Epistemology is the study of knowledge and seeks to answer the question of how we can have knowledge and certainty. Metaphysics is the study of reality and responds to questions regarding whether there is anything beyond the physical or natural.
While I have often spoken of these two as interdependent, I have also been outspoken regarding the priority of epistemology over metaphysics in the context of fields of inquiry. Some might conclude from that prioritization that I am a foundationalist.
Foundationalism is a theory of epistemic justification (particularly espoused by Aristotle, and later, Descartes) that demands that beliefs must be warranted, or based on some foundation (in contrast to, for example, coherentism, which simply requires that a belief be coherent with a set of other coherently fitting beliefs in order to be justified).
In prioritizing epistemology over metaphysics as a field of inquiry, I am not drawing a foundationalist conclusion, but I am carefully qualifying the context of that prioritization. Clearly, if we are considering the realm of reality, or asking about what actually exists, then metaphysics comes first. Reality comes before the questioning of that reality. What exists, exists, and whether it is questioned or not has no bearing at all on its existence. So, in the realm of what actually is, metaphysics comes first.
However, in the context of human inquiry, we are seeking to understand what actually is. Metaphysics cannot come first in this context, because we have to have a reason to prefer one explanation over another. This is not to draw a foundationalist conclusion, for example, that the existence of God must be justified in order to be true. On the contrary. God’s existence has nothing to do with whether or not He can be explained or whether or not His existence is warranted. He either exists or He doesn’t. But human inquiry in this area is the pursuit of understanding what is true. Does He exist or doesn’t He? Various epistemological models justify their conclusions in different ways. Humean empiricism says He doesn’t exist because He has not been (and presumably cannot be) sensed. Cartesian rationalism reasons to His existence from the first assumption that He doesn’t exist. But the Biblical model describes the fear of the Lord as the beginning of wisdom (Prov 1:7, 9:10).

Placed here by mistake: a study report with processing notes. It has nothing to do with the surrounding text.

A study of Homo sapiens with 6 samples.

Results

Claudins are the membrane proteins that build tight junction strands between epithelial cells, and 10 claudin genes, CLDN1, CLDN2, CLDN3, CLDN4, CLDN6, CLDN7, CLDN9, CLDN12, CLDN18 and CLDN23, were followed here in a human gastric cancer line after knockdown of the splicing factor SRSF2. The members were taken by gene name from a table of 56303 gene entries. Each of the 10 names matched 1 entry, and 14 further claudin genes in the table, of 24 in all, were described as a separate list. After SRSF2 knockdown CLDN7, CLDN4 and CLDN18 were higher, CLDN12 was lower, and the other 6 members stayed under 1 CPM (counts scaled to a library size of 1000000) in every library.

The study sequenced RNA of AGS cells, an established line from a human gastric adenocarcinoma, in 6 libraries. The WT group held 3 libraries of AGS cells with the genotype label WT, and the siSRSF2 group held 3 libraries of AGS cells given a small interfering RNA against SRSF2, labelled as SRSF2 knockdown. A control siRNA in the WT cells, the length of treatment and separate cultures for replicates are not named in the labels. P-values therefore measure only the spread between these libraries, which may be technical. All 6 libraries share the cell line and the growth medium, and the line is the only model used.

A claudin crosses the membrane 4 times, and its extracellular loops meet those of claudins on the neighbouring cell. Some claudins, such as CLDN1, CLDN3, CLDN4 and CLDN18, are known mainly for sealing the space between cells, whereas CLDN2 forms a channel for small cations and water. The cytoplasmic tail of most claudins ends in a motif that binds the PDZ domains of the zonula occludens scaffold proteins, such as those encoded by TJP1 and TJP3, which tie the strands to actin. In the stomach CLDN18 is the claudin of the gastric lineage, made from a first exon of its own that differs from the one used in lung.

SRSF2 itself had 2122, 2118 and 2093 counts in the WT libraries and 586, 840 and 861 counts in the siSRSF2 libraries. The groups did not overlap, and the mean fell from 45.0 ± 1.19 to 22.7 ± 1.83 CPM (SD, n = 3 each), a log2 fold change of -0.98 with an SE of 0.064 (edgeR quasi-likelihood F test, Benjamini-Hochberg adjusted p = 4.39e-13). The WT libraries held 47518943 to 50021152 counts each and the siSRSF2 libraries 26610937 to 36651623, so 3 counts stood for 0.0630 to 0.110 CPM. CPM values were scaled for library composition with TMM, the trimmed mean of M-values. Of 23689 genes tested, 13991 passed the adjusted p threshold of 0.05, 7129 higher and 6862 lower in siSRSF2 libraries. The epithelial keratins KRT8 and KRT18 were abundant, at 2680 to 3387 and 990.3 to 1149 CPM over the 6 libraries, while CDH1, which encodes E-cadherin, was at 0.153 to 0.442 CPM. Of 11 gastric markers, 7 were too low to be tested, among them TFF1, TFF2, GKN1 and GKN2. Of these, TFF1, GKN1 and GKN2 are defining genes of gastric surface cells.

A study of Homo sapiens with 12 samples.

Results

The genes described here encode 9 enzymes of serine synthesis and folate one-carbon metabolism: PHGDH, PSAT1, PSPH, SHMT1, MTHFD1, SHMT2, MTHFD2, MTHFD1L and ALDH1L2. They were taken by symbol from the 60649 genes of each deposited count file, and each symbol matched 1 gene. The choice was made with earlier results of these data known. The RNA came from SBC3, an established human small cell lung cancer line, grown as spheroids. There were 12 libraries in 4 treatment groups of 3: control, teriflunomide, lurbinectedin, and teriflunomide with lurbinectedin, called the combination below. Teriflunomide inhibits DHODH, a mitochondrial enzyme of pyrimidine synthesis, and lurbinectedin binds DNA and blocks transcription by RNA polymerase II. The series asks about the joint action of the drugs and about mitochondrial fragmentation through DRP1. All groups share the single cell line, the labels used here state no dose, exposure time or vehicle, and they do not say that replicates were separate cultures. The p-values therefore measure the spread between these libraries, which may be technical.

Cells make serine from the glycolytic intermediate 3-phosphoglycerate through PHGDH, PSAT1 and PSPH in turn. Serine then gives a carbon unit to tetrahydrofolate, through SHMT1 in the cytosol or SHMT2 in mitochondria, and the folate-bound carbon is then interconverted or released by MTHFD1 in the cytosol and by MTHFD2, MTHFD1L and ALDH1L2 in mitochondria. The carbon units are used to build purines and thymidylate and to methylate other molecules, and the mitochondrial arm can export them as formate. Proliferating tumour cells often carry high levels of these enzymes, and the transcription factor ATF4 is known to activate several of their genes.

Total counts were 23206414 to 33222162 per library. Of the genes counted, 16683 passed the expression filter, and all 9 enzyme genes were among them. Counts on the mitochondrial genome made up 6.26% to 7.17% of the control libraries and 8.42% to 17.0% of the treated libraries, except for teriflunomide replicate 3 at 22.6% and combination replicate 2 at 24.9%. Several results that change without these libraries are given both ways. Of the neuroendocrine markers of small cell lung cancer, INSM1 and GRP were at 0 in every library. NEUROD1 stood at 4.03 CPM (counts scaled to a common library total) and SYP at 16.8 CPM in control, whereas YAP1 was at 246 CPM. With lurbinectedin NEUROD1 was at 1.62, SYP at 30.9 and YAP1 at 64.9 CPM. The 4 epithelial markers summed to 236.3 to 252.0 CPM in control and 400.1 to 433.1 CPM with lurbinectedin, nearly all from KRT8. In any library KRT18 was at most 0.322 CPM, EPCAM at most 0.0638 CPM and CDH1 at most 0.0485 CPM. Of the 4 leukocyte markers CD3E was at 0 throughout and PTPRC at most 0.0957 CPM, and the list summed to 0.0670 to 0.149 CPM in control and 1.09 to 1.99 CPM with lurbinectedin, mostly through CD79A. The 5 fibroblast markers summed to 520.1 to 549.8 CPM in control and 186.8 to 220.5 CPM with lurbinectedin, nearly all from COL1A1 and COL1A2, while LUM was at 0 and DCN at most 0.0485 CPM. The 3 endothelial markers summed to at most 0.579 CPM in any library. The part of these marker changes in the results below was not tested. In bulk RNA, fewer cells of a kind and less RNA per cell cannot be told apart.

Consequently, the Biblical epistemology assumes the Biblical God’s existence at the outset and works from that premise. That He exists comes first – that is the metaphysical actuality. Metaphysically speaking, that I understand He exists comes after. But how I come to understand He exists is the epistemological question that I must first answer before I can support the metaphysical supposition and know whether or not that supposition is certain or correct.
Metaphysics (the reality) comes first in actuality, but epistemology (how we can answer the question of what is reality) comes first in inquiry. Before I can derive answers in any field of inquiry, I must have some basis for preferring some answers over others. That is the epistemological question. My preferring some answers over others has no bearing on the actual legitimacy of those answers, but is an important reflection on the source of authority upon which I rely. For a Biblicist, that source of authority is the Bible. According to the Bible, that God exists is the metaphysical reality (Gen 1:1) – and that comes first in the realm of actuality. At the same time, the Bible also asserts epistemic truth regarding how we can have knowledge and certainty – by the fear of (right perspective of and response to) the Lord (Prov 1:7, 9:10). The epistemic proposition is simply that knowledge begins with the acknowledgment of Him. For the purposes of our inquiry, we are given, as first principle, the means whereby we can have certainty of knowledge. In other words, in the realm of the human pursuit of wisdom and knowledge, the epistemic question comes first (how can we have wisdom and knowledge?), and is answered with metaphysical reality (by the fear of the Lord).